Veterans Affairs Minister Kent Hehr answers a question during Question Period in the House of Commons on Parliament Hill in Ottawa on Thursday, May 19, 2016.
Veterans Affairs Minister Kent Hehr answers a question during Question Period in the House of Commons on Parliament Hill in Ottawa on Thursday, May 19, 2016. The Canadian Press

Canada’s veterans affairs minister is urging patience from injured ex-soldiers growing frustrated waiting for a government plan that would give them pensions for life.

The Liberal government promised in the budget it would announce plans by the end of this year for the option of life-long pensions for those injured in uniform.

READ MORE: Veterans Affairs Minister Kent Hehr expands military pilot project for families

The Liberals were the only party to promise to re-introduce the pensions, which were replaced by a lump-sum payment, career training and targeted income-replacement programs in 2006.

“We’re committed to a pension-for-life option for our veterans,” Kent Hehr, minister of veterans affairs and associate minister of national defence, said in an interview with the Canadian Press Monday. “They’ve asked for this. We’ve committed to this.”


“They really deserve our support,” Hehr said. “When they leave the military as the result of illness or injury, that is tremendously hard and they’ve had to take off that jersey for the last time.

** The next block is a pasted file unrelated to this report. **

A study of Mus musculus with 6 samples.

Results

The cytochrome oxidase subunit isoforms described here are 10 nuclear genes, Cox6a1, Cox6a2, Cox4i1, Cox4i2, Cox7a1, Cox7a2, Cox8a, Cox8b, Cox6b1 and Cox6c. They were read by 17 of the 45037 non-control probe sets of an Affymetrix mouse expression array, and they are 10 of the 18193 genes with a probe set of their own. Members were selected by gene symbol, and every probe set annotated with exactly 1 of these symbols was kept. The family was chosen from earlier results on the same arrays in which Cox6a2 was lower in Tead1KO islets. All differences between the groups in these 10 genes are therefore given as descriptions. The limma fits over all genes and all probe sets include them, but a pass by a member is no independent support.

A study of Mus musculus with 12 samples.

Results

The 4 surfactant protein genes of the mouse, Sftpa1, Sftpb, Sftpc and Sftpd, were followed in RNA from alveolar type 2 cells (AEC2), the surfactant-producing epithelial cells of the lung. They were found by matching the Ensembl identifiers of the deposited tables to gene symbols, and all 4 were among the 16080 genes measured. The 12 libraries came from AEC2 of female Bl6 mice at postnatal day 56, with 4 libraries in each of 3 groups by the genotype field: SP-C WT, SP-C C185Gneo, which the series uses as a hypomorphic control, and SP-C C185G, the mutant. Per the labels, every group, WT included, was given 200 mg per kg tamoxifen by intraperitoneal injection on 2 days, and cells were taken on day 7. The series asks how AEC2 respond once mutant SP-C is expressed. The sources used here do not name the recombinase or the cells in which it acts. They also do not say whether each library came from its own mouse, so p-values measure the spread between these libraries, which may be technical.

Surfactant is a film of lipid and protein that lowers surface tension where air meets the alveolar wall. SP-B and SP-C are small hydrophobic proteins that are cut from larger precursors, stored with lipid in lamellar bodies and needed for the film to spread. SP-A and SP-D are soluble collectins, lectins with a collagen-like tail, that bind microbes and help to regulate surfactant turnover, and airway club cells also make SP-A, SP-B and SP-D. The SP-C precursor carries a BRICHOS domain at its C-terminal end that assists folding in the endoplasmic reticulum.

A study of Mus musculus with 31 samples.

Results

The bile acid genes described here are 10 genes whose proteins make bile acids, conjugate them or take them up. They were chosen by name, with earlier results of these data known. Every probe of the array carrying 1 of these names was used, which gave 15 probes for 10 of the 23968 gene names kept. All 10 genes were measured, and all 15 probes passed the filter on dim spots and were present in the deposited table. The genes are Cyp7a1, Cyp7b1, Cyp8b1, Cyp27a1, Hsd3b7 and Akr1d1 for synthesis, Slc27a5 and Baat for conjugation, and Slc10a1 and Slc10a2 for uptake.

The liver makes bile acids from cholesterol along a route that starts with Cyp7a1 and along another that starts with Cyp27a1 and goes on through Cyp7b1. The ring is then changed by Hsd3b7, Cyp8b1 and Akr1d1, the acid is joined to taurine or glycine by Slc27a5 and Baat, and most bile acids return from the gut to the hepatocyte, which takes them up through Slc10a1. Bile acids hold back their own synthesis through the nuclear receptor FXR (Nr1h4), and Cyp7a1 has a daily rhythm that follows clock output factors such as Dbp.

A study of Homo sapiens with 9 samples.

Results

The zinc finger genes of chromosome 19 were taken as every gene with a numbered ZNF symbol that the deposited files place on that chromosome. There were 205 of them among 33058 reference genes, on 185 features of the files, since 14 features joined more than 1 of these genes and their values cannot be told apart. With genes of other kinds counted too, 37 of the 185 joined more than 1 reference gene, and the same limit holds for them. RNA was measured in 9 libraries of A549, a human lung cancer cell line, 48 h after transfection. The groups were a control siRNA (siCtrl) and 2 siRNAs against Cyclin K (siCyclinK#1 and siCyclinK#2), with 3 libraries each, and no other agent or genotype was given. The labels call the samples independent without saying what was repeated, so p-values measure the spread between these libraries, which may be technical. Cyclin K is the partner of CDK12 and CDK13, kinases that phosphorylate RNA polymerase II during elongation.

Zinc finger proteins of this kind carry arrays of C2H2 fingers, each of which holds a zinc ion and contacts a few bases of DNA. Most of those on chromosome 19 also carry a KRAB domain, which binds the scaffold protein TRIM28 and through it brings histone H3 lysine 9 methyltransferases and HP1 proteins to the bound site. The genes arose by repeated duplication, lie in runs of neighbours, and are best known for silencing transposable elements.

“I understand their frustration and that’s why we want to work with them to better outcomes for them and their families … My goodness, it’s going to be done.”


There have been complaints from some ill and injured military personnel who say they were forced out of the Armed Forces too fast and left to fend for themselves.

That includes having to wait months for their first pension cheques to arrive, and struggling to get the benefits and services owed them by Veterans Affairs.

Approximately 1,800 service members are forced out of the military every year because of medical conditions that have made them unable to fulfil their duties.

Many are struggling with psychological injuries sustained while in uniform. Documents obtained by The Canadian Press last year showed post-traumatic stress disorder was the top diagnosis for those at risk of being forced out.